Sustaining Change: Think Dolphins, Not Whales

In my last post, I discussed the use of agile development techniques to implement new sales tools, training strategies, methodologies or processes for the sales organization.  But a successful deployment only makes the tool or process available. The real effort is in ensuring long-term adoption and lasting behavioral change that achieve the desired return on investment.

A great deal of research and more than a few models, books and blogs addressing organizational change are available. One of my favorite analogies comes from David Feeny – a prominent British academic and authority on business transformation – who compares dolphins to whales to demonstrate the right way to sustain change.

As Feeny explains, dolphins surface frequently to take short breaths, communicate and ensure contact with the rest of the pod.  The level of effort required for each breath is small.  Whales, on the other hand, tend to take long breaths, dive deep and stay submerged for long periods of time.  The level of effort to surface for another breath is significant.

When applied to organizational change, the “whales vs. dolphins” concept involves dividing large projects into a series of short steps or phases – similar to how dolphins breathe.  Each step delivers quantifiable benefits, recognizes success, encourages members of the organization who are leading the change effort, and moves the organization closer to embedding the new behavior as standard practice.

SiriusDecisions has identified three common guidelines for maximizing post-deployment effectiveness of any project:

  1. Communicate, and keep communicating. Change is difficult, and the reasons for the change need to be clear.  A communication plan addresses key stakeholders, participants, executive sponsors and members of the project team.  It keeps them informed of progress, reinforces the project benefits, answers the “what’s in it for me?” question and sets expectations.
  2. Lead by example.  Executives and managers cannot take a “do as I say, not as I do” approach.  They must visibly and actively incorporate the new process, terminology or tool into their daily routine. For example, if the organization is implementing a new sales force automation (SFA) platform, leadership must use the SFA for forecasting, pipeline management, opportunity management and account planning.
  3. Set consistent expectations. Make behavioral expectations clear and hold sales reps accountable across all regions, geographies and units.  Establishing expectations at the organizational level takes the issue out of individual managers’ hands and empowers them to enforce a set of requirements.  For example, set the expectation that forecast calls will be conducted using the SFA platform – not spreadsheets or external documents.  Managers must be held responsible for ensuring data in the SFA platform is accurate and current.

Business change initiatives should always be driven by benefits that support strategy.  Taking the dolphin vs. whale approach – also often described as executing in small, manageable chunks (SMACs) – decreases the risk associated with large, complex projects, allows project managers to make mid-course corrections and delivers quick wins that provide momentum for the ultimate success of the project.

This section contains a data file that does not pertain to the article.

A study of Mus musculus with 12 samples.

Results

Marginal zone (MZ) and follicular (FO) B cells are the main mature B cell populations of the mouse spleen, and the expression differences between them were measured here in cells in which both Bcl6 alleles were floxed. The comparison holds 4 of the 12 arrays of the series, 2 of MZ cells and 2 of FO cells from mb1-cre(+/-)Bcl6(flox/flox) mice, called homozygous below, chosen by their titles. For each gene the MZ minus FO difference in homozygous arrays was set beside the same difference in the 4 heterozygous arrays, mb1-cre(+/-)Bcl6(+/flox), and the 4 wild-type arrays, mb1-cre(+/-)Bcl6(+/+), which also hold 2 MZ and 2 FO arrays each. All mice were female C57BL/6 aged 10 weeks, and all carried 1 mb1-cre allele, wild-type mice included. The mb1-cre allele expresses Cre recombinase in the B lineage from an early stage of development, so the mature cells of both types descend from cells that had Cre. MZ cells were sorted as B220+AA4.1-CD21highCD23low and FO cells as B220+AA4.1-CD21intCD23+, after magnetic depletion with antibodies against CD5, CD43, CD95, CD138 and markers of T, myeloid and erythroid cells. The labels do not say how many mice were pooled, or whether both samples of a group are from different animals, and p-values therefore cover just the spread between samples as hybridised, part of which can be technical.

About the Author

Steve Silver is Research Director of Sales Operations Strategies at SiriusDecisions. Steve brings with him more than 20 years of executive-level experience spanning sales operations, sales and product marketing.


  • Kevin Avery, 28th February 2014 at 2:35 pm



    In my comment to the Agile post, I mentioned parallel to strategy. I hope it’s not unwelcome to do a little interdisciplinary dot-connecting.

    Richard Rumelt talks about the importance of “proximate goals”, things that the organization can be expected to meet or exceed. Dolphins in your conception. Setting up quick wins, a series of small victories instead of enduring angst –or risking organizational quit–waiting for one giant dice roll to prove successful. He also cites challenges of “chain-link” systems, where focus on one link typically has little or no, or even adverse, effect. IMO, Sales (plus all who support/feed/inform it like Marketing) poses a classic chain-link system challenge. That’s what makes it inherently challenging to improve, even without all the behavioral/emotional human nature impediments. Of course the upside of successfully dealing with chain-link systems is that advantage is surprisingly sustainable because of the difficulty in copy-catting and the unlikeliness that copying one element will help.

    Most sales organizations doubly fail, not setting sufficiently proximate goals while refusing to reckon with the chain-link nature of sales resourcing and execution. Sales Ops propagates tools and training as individual silver bullets, which at worst is waste and at best leaves huge unrealized potential. Pressure to “at least do SOMETHING” perpetuates this vicious cycle, activity-MBOs condone it, and nature makes us as poor at perceiving missed opportunity as we are highly attuned to noticing what threatens to be taken away.

    This leaves enormous opportunity for a firm like Sirius Decisions to turn a subtle shift in perspective into helping clients break away.